Contractor Not Performing? Get Help from an Experienced Fort Lauderdale Construction Lawyer
Property owners that hire contractors to perform work on projects sometimes pay money upfront for the job, only for the contractors to fail to perform the work. When that occurs, the property owner might pursue legal remedies by filing a breach of contract claim. A contractor not performing after taking money might also be the basis for a claim for civil theft, opening up the potential for triple damages. However, civil theft causes of action based on construction contracts are complex and should be handled by an experienced Fort Lauderdale construction lawyer to avoid potential problems. Attorney Jonathan P. Cohen handles all types of construction disputes and can help you understand the potential remedies that might be available to you.
Importance of Contracts
Whenever property owners hire contracting companies or independent contractors, it is essential to have a legally binding, written contract outlining the duties and responsibilities of each contractual party. If the contracting company or independent contractor has received payment but fails to perform under the contract, the property owner can pursue a claim for breach of contract. An action for a contractual breach might allow the property owner to recover damages for the contractor’s failure to perform.
Breach of Contract Claims for Nonperformance
In some cases, a contractor might have issues completing a project for a valid reason such as needing to acquire additional materials, which is a heightened concern these days with the supply chain issues resulting from COVID. However, if the contractor does not have a valid reason for the failure to perform after receiving payment from the property owner, it could form the basis for a breach of contract action. If your contractor fails to return calls and stops coming to the worksite, making it clear that he or she has abandoned the project, the property owner should contact a Fort Lauderdale construction lawyer for help.
A well-drafted contract will contain clauses that allow the property owner to hold the contractor liable for damages for breaching the contract and failing to perform. A properly drafted breach of contract clause will explain how the dispute should be handled. A typical first step would be a demand addressing the incomplete work and then taking further steps based on the contractor’s response.
Civil Theft Claim for Contractor Not Performing
Another potential claim that might be filed against a contractor that absconds with a property owner’s funds and does not perform the work is a civil theft claim. This type of claim provides the potential to recover treble damages against the contractor. However, a civil theft claim requires specific steps and the ability to prove criminal intent to commit the underlying theft beyond the confines of the contract. Property owners should not attempt to file civil theft claims without the help of an experienced Fort Lauderdale construction lawyer to avoid potential problems.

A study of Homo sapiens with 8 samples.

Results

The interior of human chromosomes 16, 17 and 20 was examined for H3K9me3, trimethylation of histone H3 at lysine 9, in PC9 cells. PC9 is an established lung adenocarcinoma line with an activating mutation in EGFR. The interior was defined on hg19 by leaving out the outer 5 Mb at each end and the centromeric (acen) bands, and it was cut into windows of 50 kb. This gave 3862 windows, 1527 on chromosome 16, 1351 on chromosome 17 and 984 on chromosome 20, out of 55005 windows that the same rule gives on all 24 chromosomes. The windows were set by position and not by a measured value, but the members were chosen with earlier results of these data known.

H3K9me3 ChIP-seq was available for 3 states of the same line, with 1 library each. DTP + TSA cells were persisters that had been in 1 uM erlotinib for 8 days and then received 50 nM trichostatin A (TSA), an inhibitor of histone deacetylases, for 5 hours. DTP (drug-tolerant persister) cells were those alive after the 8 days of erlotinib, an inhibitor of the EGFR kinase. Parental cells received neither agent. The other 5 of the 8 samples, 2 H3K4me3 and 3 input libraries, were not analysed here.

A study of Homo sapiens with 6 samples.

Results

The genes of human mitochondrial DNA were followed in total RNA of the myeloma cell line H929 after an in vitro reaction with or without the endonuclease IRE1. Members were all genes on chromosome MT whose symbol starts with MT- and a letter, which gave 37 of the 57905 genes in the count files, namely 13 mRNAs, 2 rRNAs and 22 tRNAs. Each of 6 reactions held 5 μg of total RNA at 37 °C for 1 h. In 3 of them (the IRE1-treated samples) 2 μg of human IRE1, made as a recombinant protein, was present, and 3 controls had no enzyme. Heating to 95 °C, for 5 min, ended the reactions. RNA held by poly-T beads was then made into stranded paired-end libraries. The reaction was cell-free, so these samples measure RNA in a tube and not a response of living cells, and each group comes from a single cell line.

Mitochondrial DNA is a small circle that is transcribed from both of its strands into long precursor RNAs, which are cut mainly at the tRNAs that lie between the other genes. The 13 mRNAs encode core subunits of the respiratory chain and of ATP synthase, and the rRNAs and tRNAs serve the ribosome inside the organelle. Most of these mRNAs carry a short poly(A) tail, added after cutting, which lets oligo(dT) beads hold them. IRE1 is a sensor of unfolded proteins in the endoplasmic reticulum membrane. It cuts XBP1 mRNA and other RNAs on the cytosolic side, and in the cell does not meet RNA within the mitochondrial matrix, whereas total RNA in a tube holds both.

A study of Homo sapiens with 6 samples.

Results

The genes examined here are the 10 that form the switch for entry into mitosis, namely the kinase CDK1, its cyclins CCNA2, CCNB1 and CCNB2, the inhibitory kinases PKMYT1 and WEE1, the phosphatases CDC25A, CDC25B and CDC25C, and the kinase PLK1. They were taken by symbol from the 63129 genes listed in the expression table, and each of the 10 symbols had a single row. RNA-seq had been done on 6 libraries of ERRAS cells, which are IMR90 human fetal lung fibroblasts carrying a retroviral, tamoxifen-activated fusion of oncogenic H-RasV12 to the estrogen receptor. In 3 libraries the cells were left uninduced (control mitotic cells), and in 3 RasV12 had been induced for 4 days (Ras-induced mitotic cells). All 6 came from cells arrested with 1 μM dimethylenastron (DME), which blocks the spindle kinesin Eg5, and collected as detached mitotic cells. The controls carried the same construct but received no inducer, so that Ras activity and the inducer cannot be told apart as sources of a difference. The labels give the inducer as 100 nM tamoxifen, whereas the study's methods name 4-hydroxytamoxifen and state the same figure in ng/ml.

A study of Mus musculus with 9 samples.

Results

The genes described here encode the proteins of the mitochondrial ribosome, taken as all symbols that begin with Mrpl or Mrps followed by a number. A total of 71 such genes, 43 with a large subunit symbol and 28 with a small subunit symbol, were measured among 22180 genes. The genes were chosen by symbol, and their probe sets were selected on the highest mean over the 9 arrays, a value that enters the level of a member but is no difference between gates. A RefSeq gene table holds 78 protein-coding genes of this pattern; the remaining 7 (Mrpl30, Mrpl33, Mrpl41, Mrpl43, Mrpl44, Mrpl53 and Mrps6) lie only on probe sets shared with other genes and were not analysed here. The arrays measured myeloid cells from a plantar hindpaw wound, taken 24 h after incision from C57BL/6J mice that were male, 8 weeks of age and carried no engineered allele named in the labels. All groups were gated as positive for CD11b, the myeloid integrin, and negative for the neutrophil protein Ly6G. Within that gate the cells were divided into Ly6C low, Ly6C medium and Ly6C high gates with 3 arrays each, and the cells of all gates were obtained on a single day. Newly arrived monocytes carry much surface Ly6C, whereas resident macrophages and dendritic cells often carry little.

The civil theft statute is found at § 772.11, Fla. Stat. (2021). Under this statute, you must prove by clear and convincing evidence that the contractor committed the underlying theft offense before you can pursue damages through a civil theft claim. If successful, you can recover treble damages or a minimum of $200 plus reasonable attorney’s fees.
The clear and convincing burden of proof is a higher standard than the preponderance of the evidence standard, with is the operative burden of proof in most civil lawsuits. This means that you must present more evidence that the contractor had the requisite criminal intent to commit theft before you can prevail on a civil theft claim. The courts have also held that the loss contemplated in civil theft causes of action must have been something beyond the contract. In Rolls v. Bliss Niyatray, Inc., 408 So.2d 229 (Fla.3d DCA 1981), the court found that when the compensatory damages for the civil theft claim are identical to those of the breach of contract claim, a plaintiff cannot recover under the civil theft statute.
If a plaintiff files a claim for civil theft and is unsuccessful in proving the requisite criminal intent, the defendant can file a motion for attorney’s fees. In Island Travel & Tours Ltd. Co. v. MYR Indep., Inc., No. 3D16-2085 (Fla. 3d DCA Sept. 2, 2020), the District Court found that the defendant should have been awarded attorney’s fees after proving that the plaintiff could not prove the required criminal intent to commit theft.
Get Help from an Experienced Fort Lauderdale Construction Lawyer
While it is possible to pursue both types of claims when a contractor fails to perform and absconds with money paid by a property owner upfront, there are specific evidentiary requirements that must be met before a claim for civil theft will lie. If you are dealing with a similar legal issue with a contractor, you should speak to an experienced Fort Lauderdale construction lawyer Jonathan P. Cohen. Contact us today to request a consultation at (954) 462-8850.
The information provided in this article does not, and is not intended to, constitute legal advice. The content in this article is presented for general informational purposes only.